If you’ve watched the Roy family’s constant scheming, treachery, and power struggles on HBO’s “Succession,” you probably don’t want anything to do with any succession planning of your own. But even if your privately held business is worth somewhat less than their fictitious Waystar Royco, you might want to read on. In fact, some of this information should help you avoid such uncertainty and confusion down the road.
While the show may be fictional, it highlights some of the real-life challenges that families face when planning for the succession of their business. By highlighting, I mean showing you what not to do.
Lesson 1: Don’t Delay
In “Succession,” the patriarch of the family, Logan Roy, delays naming a successor to his media empire, leading to uncertainty and internal conflicts. This lack of planning creates uncertainty among family members and executives and leads to power struggles and internal conflict. (But, at least HBO is happy. The show is already in its fourth season, and we still don’t know who will be left in charge.)
Of course, in real life, failing to plan for the future of a family business can have dire consequences. That’s why it’s essential to start planning for the succession of a family business well in advance. By doing so, you can avoid disarray and potential legal issues that can be difficult to resolve.1
Lesson 2: Communicate Openly
Secrets may make for compelling TV drama, but they often make for lousy business relationships—especially among family members. One of the main sources of conflict in the series is the lack of communication between family members. The Roy family members are often in competition with each other and do not communicate openly and honestly about their feelings and intentions.
In contrast, when planning for the succession of a family business, it’s vital to involve all family members in the planning process and to try to understand everyone’s desires and expectations. This can help to build consensus and ensure that everyone is on the same page when it comes to the future of the business.2
Lesson 3: Consider All Options
The next-generation family members in “Succession” are hyper-focused on who will take over as CEO. There are, however, many other options for transferring ownership and management of a family business. This can include selling the business, transferring ownership to a trust, or hiring a professional manager.
When planning for the succession of a family business, it is important to consider all of the options and to choose the one that best meets the needs and objectives of the family and the business.3 It’s also helpful to remember that, in the long run, succession is part of the plan to maintain and build upon generational wealth.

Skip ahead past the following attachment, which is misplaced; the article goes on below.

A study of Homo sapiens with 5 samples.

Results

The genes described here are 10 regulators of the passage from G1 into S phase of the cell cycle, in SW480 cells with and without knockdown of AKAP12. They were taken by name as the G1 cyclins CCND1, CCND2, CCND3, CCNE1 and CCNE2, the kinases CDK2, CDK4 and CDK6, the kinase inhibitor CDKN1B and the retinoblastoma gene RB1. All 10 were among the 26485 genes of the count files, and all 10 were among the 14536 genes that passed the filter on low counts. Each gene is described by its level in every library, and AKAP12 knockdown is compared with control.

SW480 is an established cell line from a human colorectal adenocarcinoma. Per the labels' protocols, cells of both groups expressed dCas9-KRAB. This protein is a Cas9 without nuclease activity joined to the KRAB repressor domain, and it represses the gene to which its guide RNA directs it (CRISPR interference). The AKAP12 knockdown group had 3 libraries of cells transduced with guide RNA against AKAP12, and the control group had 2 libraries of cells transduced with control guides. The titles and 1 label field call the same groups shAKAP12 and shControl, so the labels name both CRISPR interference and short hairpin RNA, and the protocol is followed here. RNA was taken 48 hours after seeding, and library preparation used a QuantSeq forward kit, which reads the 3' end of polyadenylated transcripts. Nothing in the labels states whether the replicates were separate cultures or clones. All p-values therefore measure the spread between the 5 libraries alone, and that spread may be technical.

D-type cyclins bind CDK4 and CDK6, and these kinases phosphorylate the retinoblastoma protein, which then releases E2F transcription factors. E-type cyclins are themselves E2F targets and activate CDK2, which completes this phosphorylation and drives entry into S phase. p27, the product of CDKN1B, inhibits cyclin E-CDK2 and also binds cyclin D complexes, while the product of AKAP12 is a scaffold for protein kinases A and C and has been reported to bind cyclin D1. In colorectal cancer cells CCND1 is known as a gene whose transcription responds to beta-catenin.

Lesson 4: Address Family Dynamics
Family dynamics and conflicts complicate the planning process in “Succession.” The Roy family members have a long history of conflict and competition that makes it difficult to come to a consensus on the future of the business. To mitigate this in real life, families can work with financial advisors who specialize in planning for generational wealth. This is a good way to establish a family governance structure that outlines the roles and responsibilities of family members, as well as a process for resolving conflicts. By taking proactive steps to address potential conflicts, families can ensure a smooth transition of their business from one generation to the next.
Lesson 5: Update Your Plan
In “Succession,” changes in the family’s circumstances and business environment lead to last-minute changes in the succession plan. Instead, families should engage in long-term financial planning, updating their plan regularly. Changes should reflect any shifts in the business environment and ensure that the plan remains relevant and effective.
“Succession” may be a fictional portrayal of a wealthy and dysfunctional family, but it’s also a cautionary tale of what can go wrong when families fail to plan for the succession of their business. By taking these lessons to heart and working with a financial advisor who specialize in planning for generational wealth, you can ensure that your family business pays dividends for generations to come—whether or not it stays in the family.
Disclosure: This information is for educational and informative purposes and shall not be considered a specific recommendation. Readers are advised to speak with their advisor at JL Bainbridge to determine their specific recommendations that meet their investment objectives and to review their portfolios. The material being provided is thought to be accurate. However, the information is compiled from multiple resources and may become outdated or otherwise rendered incorrect by new research or corrections without notice. J.L. Bainbridge & Co., Inc., is not a broker dealer and does not offer tax or legal advice. Please consult your tax or legal advisor for assistance regarding your individual situation. It should neither be assumed that future results will be as profitable or that a loss could not be incurred. For more information related to our firm, please see our disclosure brochures at jlbainbridge.com and https://adviserinfo.sec.gov/firm/summary/108058.